To buy or build is a question many companies struggle with as they progress their digital transformation. In the past, “out-of-the-box” solutions used to be synonymous with rigid and inflexibility, so the concept of custom-built to exact specifications is enticing. And, the concept of a custom-built insight engine made to your company’s specifications that can meet your exact needs seems like a no-brainer.
Custom software is often useful for precise short-term fixes, but it will lack the desired longer-term impact as the skills gap in the IT industry reaches a point where ‘custom’ becomes cumbersome. According to the U.S. Bureau of Labor Statistics, there will be roughly 1.3 million occupational openings for IT professionals by 2026. As these job openings continue to grow without enough candidates or internal knowledge to fill the gap, the manpower needed to make the investment of a custom-built software application worthwhile won’t be readily available. A custom piece of software is worthless to a business if there’s no team in place to maintain it.
In the past, businesses often viewed buying packaged software as a “fast and cheap” solution. In reality, the sophistication of these products has progressed to the point that they can fit any company’s needs without increasing demands on IT staff. As you evaluate how to implement an Insight engine that works best for your business and challenges, consider the following benefits that result from selecting a standard product.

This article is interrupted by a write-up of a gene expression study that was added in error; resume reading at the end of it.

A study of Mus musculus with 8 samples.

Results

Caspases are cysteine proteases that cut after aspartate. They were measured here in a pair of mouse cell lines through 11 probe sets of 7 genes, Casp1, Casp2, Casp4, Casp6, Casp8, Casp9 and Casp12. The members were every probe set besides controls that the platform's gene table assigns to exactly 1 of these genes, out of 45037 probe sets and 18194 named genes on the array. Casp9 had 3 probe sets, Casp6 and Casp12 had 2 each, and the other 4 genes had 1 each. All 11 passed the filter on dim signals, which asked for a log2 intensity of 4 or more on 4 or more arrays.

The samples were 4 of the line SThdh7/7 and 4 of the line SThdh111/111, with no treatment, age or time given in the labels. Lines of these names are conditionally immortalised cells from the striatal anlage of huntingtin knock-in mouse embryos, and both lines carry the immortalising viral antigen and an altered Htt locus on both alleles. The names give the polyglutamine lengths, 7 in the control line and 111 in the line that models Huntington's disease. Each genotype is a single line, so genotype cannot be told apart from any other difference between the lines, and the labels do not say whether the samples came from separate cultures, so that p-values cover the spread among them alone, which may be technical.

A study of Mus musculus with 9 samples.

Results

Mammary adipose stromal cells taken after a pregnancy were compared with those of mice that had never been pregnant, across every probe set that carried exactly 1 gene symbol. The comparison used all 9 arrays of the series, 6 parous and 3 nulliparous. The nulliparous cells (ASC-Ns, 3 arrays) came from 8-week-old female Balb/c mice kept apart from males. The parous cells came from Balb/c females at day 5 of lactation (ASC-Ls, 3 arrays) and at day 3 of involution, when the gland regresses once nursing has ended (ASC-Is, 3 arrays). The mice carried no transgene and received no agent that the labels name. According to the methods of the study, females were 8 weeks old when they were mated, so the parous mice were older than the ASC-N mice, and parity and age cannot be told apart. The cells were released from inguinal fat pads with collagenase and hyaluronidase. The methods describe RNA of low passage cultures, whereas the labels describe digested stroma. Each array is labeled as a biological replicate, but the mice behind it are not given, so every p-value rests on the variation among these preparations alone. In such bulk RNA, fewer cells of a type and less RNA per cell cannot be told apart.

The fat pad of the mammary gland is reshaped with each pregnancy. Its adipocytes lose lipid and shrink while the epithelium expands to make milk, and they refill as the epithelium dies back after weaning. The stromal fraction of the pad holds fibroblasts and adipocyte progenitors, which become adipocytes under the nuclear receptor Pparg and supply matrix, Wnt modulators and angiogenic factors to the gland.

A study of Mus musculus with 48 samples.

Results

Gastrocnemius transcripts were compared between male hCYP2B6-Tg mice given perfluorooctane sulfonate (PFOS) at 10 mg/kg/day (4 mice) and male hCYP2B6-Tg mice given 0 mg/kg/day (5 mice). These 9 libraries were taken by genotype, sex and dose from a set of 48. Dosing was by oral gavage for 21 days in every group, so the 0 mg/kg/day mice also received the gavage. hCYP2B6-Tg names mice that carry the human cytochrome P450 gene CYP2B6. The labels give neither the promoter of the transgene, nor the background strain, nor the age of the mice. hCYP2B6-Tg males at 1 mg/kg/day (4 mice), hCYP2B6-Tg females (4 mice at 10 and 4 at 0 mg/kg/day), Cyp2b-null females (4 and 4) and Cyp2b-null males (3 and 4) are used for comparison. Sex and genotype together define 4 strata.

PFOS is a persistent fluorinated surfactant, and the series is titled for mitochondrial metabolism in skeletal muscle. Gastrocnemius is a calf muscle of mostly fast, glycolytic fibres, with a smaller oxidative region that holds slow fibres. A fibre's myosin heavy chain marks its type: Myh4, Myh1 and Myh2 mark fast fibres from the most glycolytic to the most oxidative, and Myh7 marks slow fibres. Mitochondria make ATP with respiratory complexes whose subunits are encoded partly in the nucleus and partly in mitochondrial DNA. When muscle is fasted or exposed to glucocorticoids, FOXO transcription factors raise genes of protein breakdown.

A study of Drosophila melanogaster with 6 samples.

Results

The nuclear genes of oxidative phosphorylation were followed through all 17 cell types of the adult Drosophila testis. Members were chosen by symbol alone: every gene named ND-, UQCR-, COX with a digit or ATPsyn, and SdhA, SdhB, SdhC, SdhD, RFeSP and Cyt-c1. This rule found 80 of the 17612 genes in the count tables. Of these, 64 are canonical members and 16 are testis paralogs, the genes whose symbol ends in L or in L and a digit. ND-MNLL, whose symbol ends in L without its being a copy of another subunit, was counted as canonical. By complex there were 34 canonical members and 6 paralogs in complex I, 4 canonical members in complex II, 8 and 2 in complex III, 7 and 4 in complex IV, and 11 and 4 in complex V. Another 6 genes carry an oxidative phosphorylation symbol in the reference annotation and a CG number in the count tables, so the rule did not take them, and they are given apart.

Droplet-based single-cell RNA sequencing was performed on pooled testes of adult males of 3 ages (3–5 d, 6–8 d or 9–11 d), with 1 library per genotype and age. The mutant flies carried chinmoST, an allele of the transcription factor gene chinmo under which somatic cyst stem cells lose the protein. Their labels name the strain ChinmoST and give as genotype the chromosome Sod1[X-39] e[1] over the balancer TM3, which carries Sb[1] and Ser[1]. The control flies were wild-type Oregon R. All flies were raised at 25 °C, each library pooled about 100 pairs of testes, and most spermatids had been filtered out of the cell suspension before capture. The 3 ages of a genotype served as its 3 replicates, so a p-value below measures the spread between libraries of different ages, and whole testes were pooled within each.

Companies don’t want to create and maintain their own insight engine, they care about getting a solution for a business problem – an answer to the lack of insights in today’s data-driven world.
Between the infrastructure concepts, requirements engineering and hardware systems, a custom-built Insight engine can take months to years of development before the final product is ready to fully deploy. A standard product allows IT to skip a drawn-out development process and quickly get the benefits from a fully-functioning product. As employees have come to expect fast answers and on-demand knowledge in their lives now, that same expectation for software’s speed of installation should be no exception.
As mentioned above, standard features do not mean unaccommodating; today, it means that the product has been finely tuned to meet the needs of a customer base. Each of those customers has different needs or priorities – some may need a multitude of connectors to integrate across departments while others may require advanced Natural Language Processing to process the acronyms and internal jargon that are part of the company vernacular. No matter what the requirements, the best standard products allow the customers to be in control and adjust the features to meet their needs. Those that don’t are the ones that gives out-of-the-box solutions a bad reputation.
Undoubtedly the “buy vs. build” debate will continue. As IT teams struggle to keep up with an ever-growing workload and the need for IT talent grows, the impact of a standard product that prioritizes ease-of-use and quick deployment should not be underestimated as an answer to cumbersome custom builds.